At the close of National Preservation Month, the Preservation Society of Fall River would like to celebrate properties throughout the city that have returned from the brink to become icons in their neighborhoods once more.
With this, the Preservation Society is pleased to announce its first ever “Most Preserved Properties List.”
Although many of the city’s historic properties are endangered, it’s equally important to recognize the properties of the past recently restored to find places in the community of today.
This list aims a spotlight on some of the most preserved historic properties in Fall River over the last several years.
Lafayette-Durfee House (94 Cherry Street)
The 1750 home of Thomas Durfee and his son Col. Joseph Durfee was frequently visited by the Marquis de Lafayette during the American Revolution. As Fall River’s only restored colonial house open for public tours, the property has gone through major renovations in recent years. Community Preservation Act funding has helped build new drains and a historically accurate roof, repair the exterior stone wall, restore the windows, and rebuild the fireplaces.
Commonwealth Landing (1082 Davol Street)
The former Quaker Fabric Corp. mill was bought in 2010 and 103 market-rate apartments were built on the third, fourth and fifth floors of the building in addition to commercial space on the first floor. Commonwealth Landing opened in 2017.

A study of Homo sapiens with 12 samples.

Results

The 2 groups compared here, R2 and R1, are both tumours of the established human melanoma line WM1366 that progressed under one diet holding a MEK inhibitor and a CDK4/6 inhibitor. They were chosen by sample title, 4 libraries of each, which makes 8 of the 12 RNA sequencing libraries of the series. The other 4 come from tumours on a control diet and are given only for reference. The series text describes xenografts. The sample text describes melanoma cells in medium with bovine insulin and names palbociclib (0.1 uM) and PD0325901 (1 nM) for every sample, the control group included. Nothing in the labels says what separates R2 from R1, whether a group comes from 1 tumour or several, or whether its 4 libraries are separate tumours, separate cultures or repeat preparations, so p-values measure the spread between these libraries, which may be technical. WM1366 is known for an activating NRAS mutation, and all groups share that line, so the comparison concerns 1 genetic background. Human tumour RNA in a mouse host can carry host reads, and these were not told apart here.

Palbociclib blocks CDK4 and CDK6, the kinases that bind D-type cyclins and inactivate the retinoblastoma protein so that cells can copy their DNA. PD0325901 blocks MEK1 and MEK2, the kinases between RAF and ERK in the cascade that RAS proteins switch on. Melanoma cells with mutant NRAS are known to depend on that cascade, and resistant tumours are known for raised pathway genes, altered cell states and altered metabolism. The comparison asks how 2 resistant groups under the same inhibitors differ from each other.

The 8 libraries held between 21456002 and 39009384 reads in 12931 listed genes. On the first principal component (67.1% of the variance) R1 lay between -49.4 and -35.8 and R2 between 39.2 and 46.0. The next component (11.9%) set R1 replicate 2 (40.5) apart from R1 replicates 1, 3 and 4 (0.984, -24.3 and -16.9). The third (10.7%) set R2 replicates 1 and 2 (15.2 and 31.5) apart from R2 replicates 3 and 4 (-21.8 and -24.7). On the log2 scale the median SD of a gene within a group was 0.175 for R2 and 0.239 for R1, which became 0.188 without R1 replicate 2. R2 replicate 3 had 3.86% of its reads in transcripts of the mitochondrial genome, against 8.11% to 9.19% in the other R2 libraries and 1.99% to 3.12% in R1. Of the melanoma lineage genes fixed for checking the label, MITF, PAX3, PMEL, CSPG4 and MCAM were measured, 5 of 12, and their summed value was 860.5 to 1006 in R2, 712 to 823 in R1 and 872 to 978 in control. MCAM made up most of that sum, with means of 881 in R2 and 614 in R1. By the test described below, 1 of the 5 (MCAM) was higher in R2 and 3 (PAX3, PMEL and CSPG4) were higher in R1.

Curtain Lofts (420 Quequechan Street)
The 140-year-old Wampanoag Mill No. 1 hosted outlet stores from 1976 until 2009. The building was bought in 2010 and converted into 97 apartments over five floors for residents ages 55 and older. Curtain Lofts opened in 2011.
Cornell Mill (649 Alden Street)
The 192,000 square foot granite mill anchoring the east end of Alden Street was bought in 2016 and converted into 101 market-rate apartments. Cornell Mill Lofts opened in 2018.
Portugalia Marketplace (489 Bedford Street)
The two-story brick building, formerly Norbert Manufacturing, was converted into the 15,000 square-feet Portugalia Marketplace in 2013.
Tipsy Toboggan (75 Ferry Street)
The two-story small building, once part of the Travis Furniture complex, opened as a ski-lodge inspired restaurant named the Tipsy Toboggan in 2012.
Fall River Knitting Mill (69 Alden Street)
In late 2017, work began converting the 150-year old former Wampanoag Mill No. 2 into a100-unit apartment complex. The granite mill will be housing for residents ages 63 and older. In addition to the apartments, the building will have a 5,000-square-foot senior center leased to the city for $1 a year.